Conducting due diligence is important in any business, but it’s understandably crucial regarding products consumers eat and drink. There will also be occasions when you need to share information about your product and process as part of doing business. So let’s look at what you need to do when it comes to due diligence for food safety.
What is due diligence for food safety?
In food safety, due diligence refers to being able to prove that your business has taken reasonable steps to prevent food safety breaches. This means conducting all relevant checks of each element of your food business.
If your business ever faces a legal dispute around food safety, a due diligence defence will protect your product and business. Therefore you should ensure that your systems are sufficient to prove you did everything possible to prevent a breach. On a more positive note, it also means you’re setting your business and processes up correctly and minimising the risk of things going awry.
What is an offence?
While the Food Safety Act 1990 outlines offences in detail, the main provisions include: food injurious to health (Part II, Section 7); selling to the purchaser any food not ‘of the nature or substance or quality’ demanded by the purchaser (Section 14), such as mislabelled ingredients or food sold as organic when it’s not; and, falsely describing or presenting food (Section 15). There are also the Food Labelling Regulations 1996 to consider.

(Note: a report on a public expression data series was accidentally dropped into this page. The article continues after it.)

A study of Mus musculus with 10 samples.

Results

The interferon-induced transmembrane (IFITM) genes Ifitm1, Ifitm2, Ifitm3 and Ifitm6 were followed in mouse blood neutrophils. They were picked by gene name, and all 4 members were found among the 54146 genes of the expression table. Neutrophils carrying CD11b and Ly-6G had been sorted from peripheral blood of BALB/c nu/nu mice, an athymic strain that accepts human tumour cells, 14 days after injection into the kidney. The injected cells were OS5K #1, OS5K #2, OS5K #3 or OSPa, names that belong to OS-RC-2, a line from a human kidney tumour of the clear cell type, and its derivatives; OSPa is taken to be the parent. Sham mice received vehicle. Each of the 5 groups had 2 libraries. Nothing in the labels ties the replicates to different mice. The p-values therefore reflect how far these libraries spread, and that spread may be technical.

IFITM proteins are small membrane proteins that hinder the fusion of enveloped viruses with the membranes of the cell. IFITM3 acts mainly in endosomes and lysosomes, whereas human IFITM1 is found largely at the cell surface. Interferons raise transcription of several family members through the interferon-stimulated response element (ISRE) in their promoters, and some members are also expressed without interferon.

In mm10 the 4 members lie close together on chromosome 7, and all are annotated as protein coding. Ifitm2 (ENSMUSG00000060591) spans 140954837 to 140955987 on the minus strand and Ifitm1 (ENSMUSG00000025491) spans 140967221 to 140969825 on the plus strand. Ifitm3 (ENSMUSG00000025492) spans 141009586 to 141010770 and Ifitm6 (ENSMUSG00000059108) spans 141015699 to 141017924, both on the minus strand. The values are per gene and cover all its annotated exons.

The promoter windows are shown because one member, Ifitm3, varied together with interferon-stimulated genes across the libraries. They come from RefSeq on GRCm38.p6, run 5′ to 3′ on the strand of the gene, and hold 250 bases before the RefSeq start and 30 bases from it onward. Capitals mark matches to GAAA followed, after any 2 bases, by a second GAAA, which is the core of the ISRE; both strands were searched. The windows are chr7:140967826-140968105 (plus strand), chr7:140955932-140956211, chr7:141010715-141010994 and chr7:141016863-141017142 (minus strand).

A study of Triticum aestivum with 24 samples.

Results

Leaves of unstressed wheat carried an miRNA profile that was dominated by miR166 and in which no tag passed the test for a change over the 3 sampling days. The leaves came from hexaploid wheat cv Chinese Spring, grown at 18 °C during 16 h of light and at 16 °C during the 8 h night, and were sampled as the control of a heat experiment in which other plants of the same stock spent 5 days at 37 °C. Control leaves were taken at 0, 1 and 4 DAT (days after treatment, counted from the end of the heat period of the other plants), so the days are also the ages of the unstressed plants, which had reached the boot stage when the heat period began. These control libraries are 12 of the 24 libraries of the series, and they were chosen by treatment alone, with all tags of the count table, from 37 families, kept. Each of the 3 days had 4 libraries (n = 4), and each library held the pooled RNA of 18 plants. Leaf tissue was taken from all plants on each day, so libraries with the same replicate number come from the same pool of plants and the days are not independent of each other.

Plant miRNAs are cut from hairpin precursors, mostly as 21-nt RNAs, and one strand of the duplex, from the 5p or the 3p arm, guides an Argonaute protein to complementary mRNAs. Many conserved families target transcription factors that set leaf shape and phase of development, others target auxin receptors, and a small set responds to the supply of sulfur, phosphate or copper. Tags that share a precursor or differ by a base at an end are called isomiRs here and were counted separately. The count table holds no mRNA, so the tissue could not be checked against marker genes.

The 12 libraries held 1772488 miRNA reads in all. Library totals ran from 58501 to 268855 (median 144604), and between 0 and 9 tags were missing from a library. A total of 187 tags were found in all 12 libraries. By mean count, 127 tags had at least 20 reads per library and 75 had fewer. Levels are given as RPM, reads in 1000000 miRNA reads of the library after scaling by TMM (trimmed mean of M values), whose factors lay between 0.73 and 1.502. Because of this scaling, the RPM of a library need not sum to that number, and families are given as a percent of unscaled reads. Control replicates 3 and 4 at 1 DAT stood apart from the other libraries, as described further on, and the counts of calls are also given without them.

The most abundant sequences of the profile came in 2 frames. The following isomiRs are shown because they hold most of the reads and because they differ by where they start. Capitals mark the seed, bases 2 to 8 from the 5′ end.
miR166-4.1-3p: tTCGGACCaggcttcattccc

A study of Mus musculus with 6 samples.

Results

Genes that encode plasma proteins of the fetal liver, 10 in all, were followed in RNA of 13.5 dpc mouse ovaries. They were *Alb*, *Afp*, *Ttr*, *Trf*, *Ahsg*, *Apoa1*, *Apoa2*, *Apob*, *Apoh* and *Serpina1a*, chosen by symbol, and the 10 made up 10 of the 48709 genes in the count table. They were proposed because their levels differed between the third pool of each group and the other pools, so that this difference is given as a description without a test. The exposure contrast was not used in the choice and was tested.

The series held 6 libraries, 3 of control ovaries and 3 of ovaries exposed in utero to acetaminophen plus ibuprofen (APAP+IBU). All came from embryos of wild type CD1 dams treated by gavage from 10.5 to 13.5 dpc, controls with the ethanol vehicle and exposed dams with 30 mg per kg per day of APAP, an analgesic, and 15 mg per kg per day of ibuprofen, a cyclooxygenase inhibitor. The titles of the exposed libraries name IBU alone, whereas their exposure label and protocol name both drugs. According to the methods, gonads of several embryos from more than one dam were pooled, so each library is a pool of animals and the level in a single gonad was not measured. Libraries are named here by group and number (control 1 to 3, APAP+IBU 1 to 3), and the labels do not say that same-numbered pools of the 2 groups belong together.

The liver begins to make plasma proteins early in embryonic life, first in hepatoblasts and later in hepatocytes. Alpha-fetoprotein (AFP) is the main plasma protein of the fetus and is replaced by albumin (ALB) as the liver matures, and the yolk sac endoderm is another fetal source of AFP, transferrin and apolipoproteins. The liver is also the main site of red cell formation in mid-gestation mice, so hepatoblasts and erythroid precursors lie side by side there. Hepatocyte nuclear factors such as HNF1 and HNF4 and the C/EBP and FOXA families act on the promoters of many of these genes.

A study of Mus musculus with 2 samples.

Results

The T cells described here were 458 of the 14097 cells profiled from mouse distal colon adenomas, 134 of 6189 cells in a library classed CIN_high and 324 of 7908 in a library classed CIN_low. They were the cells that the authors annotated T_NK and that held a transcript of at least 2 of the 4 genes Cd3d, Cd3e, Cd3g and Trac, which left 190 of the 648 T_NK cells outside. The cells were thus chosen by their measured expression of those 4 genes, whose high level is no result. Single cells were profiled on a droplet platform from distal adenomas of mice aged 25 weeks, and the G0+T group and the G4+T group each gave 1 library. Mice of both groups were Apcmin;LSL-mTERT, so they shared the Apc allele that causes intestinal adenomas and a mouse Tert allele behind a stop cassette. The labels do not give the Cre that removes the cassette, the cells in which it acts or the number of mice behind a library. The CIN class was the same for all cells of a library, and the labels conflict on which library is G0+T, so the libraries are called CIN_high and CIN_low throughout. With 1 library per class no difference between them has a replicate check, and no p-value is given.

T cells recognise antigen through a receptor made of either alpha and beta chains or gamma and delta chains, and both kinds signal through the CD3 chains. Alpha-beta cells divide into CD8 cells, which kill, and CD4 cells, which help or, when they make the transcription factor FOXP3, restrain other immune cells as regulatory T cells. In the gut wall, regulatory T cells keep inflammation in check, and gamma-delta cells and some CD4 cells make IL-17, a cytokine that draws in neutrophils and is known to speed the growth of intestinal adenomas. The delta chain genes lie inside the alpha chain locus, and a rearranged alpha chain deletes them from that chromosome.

Managing due diligence
At various points when developing, launching and selling food and drink products, you’ll need to provide specific information to others. At Froghop, we always recommend you start and maintain a due diligence folder (virtual or otherwise) as soon as possible. This means that all the information you might need to share with an Environmental Health Officer, retailer, customer, or even the Advertising Standards Authority is at hand. Consider it part of running and protecting your business as well as a file of evidence.
Your due diligence file
The following is an overview of what you should include in your due diligence file. For more detailed instructions check out our webinar.
Start by looking at the product. For traceability, you will need to keep information about what goes into it, the packaging and its composition, and the quality. You’ll need a system in place for withdrawal or recall of your product if necessary, as well as to notify consumers and members of your supply chain should this happen.
The importance of proper due diligence management cannot be overstated. You’ll need to cover your presentation and claims, premises and facilities, staff training, company information, contracts, insurance, licenses to trade and more besides too. Our Due Diligence Checklist is a handy starting point and reference – you can download it here.